Math Journal Prompts - Writing About Math - Distance Learning

Rated 4.89 out of 5, based on 699 reviews
699 Ratings
Grade Levels
3rd, Homeschool
Resource Type
Formats Included
  • Zip
  • Google Apps™
125 pages
The Teacher-Author indicated this resource includes assets from Google Workspace (e.g. docs, slides, etc.).

What educators are saying

I like these because I use them to teach how to write a response. And, I can get insight into how then think.
I add one journal prompt to our weekly problem solving slides- it is interesting to see how the students respond and I love not having to think about it!


Get your students writing about math and practicing constructed response writing with 100 math journal prompts! These journal prompts were written for the Common Core Standards, but I've added an additional version WITHOUT the standards. This will allow you to use these journals with ANY math curriculum. This product also includes a link to Google Docs for use in Google Classroom!

The math prompts are sure to improve your students' critical thinking skills, as well as provide essential practice in writing about math. This will be especially important as students begin taking constructed response Common Core assessments. Be sure to follow my blog for regular updates on how I'm using math journals in my classroom!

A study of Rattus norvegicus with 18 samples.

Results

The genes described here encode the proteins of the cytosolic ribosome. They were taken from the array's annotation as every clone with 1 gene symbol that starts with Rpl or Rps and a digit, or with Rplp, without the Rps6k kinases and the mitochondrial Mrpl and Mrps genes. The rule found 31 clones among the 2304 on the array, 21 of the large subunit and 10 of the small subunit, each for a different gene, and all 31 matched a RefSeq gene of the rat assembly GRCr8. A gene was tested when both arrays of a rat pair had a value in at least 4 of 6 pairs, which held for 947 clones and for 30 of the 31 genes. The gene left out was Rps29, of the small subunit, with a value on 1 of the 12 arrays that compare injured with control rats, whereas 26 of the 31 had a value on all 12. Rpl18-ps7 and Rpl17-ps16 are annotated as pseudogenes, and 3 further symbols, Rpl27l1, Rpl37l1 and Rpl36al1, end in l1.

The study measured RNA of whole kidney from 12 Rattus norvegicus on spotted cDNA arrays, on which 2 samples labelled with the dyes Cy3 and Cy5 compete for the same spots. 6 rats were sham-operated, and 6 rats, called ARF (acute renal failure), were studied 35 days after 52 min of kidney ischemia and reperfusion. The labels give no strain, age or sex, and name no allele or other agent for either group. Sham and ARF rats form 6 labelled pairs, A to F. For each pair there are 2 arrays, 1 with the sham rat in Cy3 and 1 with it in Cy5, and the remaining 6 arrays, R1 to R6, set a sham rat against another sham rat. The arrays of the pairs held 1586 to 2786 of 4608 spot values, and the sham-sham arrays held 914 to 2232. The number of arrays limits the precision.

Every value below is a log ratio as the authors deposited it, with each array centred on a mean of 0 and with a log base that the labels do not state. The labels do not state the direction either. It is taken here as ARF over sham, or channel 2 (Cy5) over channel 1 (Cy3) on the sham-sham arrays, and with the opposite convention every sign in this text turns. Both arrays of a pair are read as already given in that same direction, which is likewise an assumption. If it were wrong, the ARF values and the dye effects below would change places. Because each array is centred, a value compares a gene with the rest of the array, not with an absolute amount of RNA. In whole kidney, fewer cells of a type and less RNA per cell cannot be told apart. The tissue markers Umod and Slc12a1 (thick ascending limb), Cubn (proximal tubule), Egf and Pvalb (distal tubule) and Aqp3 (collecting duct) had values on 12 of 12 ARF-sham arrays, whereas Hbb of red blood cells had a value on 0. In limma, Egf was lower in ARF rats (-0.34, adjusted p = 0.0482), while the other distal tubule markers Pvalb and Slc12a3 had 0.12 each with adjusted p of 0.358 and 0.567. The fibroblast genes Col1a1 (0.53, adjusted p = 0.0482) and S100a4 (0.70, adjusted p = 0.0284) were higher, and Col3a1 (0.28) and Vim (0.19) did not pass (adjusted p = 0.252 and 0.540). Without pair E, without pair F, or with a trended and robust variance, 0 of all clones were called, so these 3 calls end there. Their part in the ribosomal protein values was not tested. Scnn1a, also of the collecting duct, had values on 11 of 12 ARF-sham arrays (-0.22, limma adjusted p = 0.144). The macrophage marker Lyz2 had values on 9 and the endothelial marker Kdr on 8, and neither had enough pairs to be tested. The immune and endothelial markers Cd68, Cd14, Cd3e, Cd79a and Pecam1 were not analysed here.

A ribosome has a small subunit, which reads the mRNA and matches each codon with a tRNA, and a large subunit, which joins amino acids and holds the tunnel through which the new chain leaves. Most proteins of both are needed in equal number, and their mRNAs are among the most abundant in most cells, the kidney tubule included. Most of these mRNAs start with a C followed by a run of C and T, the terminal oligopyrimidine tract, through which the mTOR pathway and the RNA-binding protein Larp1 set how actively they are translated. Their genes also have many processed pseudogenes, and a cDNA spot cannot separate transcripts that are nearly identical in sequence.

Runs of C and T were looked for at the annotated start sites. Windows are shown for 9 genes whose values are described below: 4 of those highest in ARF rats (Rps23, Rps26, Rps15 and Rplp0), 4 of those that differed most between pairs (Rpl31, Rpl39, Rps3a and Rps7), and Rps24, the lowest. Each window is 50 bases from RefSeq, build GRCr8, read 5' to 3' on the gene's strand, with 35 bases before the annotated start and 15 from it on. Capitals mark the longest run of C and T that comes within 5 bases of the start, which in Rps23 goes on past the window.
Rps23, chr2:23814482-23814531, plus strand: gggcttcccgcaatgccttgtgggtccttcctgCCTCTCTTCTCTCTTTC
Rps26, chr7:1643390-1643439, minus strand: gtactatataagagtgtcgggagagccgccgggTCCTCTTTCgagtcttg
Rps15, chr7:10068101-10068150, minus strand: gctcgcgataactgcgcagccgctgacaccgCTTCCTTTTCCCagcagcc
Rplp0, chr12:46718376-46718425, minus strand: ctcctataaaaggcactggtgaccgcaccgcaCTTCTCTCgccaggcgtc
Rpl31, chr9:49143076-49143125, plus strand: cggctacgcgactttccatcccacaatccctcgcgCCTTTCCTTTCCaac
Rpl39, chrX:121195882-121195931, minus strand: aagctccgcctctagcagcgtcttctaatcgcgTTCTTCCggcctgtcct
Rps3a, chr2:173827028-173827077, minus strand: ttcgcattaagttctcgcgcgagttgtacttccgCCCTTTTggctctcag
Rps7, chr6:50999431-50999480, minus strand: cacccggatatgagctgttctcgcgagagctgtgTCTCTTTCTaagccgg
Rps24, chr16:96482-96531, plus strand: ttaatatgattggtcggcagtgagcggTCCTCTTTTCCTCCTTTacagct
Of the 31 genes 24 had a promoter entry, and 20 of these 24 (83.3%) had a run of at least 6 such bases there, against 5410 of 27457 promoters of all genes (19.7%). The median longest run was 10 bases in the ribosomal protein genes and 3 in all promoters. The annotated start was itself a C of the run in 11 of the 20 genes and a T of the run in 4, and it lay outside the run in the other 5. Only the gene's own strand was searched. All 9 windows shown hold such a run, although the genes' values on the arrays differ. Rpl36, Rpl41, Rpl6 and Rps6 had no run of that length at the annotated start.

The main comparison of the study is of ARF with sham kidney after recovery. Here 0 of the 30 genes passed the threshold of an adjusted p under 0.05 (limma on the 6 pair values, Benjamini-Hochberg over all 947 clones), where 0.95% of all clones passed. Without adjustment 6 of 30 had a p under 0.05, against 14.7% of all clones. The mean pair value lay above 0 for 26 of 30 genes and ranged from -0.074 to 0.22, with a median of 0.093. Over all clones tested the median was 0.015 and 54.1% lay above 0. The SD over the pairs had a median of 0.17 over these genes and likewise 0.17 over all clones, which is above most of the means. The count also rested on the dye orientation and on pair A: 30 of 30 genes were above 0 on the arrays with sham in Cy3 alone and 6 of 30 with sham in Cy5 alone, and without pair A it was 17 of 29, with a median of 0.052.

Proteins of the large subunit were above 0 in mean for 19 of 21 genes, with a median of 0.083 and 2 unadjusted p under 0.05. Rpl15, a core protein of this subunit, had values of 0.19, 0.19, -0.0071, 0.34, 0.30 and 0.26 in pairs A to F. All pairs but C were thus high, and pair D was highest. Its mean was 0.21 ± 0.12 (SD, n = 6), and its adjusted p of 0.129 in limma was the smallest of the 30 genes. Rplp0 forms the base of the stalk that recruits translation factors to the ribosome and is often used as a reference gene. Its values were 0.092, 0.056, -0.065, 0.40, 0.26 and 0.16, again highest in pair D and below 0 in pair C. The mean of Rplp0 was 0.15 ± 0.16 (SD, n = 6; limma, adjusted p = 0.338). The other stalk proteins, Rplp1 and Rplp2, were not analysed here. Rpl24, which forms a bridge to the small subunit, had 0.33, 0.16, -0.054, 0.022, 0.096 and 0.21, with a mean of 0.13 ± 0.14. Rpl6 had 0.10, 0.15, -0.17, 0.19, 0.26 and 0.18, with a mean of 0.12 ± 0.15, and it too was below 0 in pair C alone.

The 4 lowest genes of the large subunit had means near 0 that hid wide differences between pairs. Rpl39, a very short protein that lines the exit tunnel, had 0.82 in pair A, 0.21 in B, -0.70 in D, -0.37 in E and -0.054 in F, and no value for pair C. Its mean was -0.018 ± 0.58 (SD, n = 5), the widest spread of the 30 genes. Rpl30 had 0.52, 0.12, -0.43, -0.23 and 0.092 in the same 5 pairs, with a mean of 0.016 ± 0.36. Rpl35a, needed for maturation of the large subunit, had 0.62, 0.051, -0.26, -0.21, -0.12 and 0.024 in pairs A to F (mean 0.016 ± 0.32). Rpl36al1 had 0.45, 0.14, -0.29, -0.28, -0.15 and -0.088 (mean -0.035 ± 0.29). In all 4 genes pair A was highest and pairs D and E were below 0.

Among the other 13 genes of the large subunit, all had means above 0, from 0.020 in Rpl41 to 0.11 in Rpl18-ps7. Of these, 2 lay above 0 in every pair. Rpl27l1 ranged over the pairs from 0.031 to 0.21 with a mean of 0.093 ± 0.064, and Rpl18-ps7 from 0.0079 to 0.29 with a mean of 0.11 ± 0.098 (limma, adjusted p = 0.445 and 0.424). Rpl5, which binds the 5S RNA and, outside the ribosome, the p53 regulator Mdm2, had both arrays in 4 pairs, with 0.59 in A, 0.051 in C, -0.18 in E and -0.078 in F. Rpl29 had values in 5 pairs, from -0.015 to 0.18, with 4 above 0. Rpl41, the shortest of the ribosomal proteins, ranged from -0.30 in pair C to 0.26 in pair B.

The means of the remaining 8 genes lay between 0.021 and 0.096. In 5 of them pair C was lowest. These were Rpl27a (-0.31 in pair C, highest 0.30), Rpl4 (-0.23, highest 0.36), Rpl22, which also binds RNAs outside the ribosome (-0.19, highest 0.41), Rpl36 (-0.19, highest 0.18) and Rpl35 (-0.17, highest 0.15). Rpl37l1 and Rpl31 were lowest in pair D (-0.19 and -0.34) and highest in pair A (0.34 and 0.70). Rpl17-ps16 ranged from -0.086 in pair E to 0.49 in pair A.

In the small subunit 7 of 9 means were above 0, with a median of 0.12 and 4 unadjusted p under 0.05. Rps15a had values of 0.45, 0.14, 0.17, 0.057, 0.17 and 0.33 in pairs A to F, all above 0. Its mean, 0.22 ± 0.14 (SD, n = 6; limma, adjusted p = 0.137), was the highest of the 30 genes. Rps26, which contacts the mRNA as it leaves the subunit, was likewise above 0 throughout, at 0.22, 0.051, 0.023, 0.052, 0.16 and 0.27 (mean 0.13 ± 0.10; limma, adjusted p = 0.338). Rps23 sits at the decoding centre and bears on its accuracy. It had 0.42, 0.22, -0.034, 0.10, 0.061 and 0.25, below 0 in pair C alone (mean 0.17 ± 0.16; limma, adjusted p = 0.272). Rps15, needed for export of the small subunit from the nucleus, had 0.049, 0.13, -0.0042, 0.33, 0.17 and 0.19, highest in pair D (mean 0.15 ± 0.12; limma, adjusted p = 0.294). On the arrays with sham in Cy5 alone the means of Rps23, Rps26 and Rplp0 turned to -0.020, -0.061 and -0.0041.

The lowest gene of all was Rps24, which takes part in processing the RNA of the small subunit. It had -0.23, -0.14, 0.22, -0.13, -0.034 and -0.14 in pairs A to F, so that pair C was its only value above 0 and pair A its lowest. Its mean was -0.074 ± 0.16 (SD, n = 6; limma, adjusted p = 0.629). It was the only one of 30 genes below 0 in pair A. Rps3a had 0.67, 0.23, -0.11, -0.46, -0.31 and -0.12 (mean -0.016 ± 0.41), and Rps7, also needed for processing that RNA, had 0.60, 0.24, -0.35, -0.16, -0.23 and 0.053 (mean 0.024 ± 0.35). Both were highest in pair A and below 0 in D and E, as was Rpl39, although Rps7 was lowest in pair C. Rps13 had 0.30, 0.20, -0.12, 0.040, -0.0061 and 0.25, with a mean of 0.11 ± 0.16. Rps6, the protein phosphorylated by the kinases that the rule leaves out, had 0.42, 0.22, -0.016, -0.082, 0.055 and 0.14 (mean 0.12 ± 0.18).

Inside this product you'll find:

-detailed directions

-list of journal prompts organized by standard

-full page layout of each math prompt

Total Pages
125 pages
Answer Key
Teaching Duration
1 Year
Tell and write time to the nearest minute and measure time intervals in minutes. Solve word problems involving addition and subtraction of time intervals in minutes, e.g., by representing the problem on a number line diagram.
Measure and estimate liquid volumes and masses of objects using standard units of grams (g), kilograms (kg), and liters (l). Add, subtract, multiply, or divide to solve one-step word problems involving masses or volumes that are given in the same units, e.g., by using drawings (such as a beaker with a measurement scale) to represent the problem.
Draw a scaled picture graph and a scaled bar graph to represent a data set with several categories. Solve one- and two-step “how many more” and “how many less” problems using information presented in scaled bar graphs. For example, draw a bar graph in which each square in the bar graph might represent 5 pets.
Generate measurement data by measuring lengths using rulers marked with halves and fourths of an inch. Show the data by making a line plot, where the horizontal scale is marked off in appropriate units-whole numbers, halves, or quarters.
Recognize area as an attribute of plane figures and understand concepts of area measurement.